An Oregon high school track star is awaiting his state meet fate after being disqualified for violating a "jewelry rule" by entering the track with an athletic support band around his wrist.
Eugene (Ore.) Churchill High senior sprinter Spenser Schmidt entered the starting block area at the Midwestern League championships with a Nike band wrapped around his wrist, according to The Oregonian. The band, meant to treat patellar tendonitis and Osgood-Schlatter disease, was not yet around his knee, where he has worn it previously this season (see him here at April's Oregon Relays).
However, meet officials reportedly deemed the band an item of jewelry and disqualified Schmidt from the 100-meter competition. He had received an earlier warning regarding a chain around his neck upon checking into the meet. The National Federation of High School Associations "jewelry rule" states: "For the first violation, the competitor shall be required to remove the jewelry before further competition and be issued a warning that a subsequent violation shall result in a disqualification from the event."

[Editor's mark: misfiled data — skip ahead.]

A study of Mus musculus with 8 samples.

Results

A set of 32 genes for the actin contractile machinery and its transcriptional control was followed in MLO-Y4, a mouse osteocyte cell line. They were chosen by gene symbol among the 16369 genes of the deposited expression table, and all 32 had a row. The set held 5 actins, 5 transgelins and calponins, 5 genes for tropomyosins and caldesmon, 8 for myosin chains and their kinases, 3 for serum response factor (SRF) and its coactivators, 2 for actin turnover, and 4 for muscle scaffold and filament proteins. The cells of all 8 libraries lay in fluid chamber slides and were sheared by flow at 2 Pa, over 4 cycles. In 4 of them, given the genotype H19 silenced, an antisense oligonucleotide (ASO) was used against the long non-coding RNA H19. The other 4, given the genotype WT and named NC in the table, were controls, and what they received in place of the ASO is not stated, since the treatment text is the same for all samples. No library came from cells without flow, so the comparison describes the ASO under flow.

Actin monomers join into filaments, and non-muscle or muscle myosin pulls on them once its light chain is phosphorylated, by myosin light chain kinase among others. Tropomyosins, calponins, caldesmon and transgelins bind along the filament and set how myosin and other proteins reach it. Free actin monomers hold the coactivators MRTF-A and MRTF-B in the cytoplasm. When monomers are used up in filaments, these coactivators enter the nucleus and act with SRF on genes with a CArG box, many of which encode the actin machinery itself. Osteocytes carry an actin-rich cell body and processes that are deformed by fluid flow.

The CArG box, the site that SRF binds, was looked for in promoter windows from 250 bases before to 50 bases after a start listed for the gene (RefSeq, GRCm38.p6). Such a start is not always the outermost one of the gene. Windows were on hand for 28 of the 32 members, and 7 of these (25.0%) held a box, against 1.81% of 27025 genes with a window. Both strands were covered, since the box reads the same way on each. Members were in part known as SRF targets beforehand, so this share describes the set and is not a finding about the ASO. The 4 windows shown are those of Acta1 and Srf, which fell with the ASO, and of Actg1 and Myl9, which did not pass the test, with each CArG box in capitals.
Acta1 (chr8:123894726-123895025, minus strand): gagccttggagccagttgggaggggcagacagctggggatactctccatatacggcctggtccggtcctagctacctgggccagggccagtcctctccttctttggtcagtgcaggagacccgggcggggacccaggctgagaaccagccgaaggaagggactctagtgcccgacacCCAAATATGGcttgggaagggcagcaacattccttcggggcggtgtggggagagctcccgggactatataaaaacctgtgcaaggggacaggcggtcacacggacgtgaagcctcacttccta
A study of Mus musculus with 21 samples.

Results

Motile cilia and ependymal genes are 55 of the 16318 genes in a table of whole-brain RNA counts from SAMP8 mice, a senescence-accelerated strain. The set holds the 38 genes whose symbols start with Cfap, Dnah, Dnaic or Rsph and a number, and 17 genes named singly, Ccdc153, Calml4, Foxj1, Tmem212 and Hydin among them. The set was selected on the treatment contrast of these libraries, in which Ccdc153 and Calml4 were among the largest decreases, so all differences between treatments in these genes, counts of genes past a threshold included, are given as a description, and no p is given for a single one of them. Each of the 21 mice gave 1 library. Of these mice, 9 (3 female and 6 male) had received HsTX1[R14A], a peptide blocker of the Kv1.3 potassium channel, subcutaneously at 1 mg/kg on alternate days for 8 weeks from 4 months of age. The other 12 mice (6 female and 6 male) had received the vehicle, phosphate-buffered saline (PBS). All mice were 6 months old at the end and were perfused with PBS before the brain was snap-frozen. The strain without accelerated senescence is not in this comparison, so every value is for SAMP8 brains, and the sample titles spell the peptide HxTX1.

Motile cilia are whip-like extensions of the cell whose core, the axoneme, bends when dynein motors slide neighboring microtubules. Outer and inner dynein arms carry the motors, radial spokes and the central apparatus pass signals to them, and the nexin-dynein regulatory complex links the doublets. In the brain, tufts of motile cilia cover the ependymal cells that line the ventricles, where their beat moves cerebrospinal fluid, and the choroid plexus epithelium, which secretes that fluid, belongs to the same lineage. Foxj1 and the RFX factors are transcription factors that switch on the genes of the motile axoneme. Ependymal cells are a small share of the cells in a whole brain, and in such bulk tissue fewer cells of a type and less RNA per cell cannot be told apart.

Schmidt posted a picture of the band on Twitter along with his sentiments: "All of this talk over this."
Schmidt currently owns the fastest 100 time of the season in Oregon's Class 5A with a time of 10.46 seconds, according to The Oregonian. While he did qualify for the state meet in both the 200 and long jump, he would not be able to compete in the 100 with a qualifying performance at the league meet.
A shadow of hope still remains for Schmidt. Relaying a conversation he had with meet director Audrea Shelley, who was reportedly occupied elsewhere during Schmidt's race, Churchill coach George Walcott told The Oregonian his star sprinter would be allowed to run a preliminary heat by himself on Friday, the second day of the meet's competition. As The Register-Guard notes, Schmidt would have to eclipse North Eugene sophomore Zach Haxby's eighth-place time of 11.65 seconds in order to qualify.
However, Shelley told The Register-Guard, "It's not a done deal." She will reportedly meet with meet, school and state association officials before making her decision. “You of course want to err on the side of the student,” Shelley added. “We also want to make sure the rules are followed and follow the protocol.”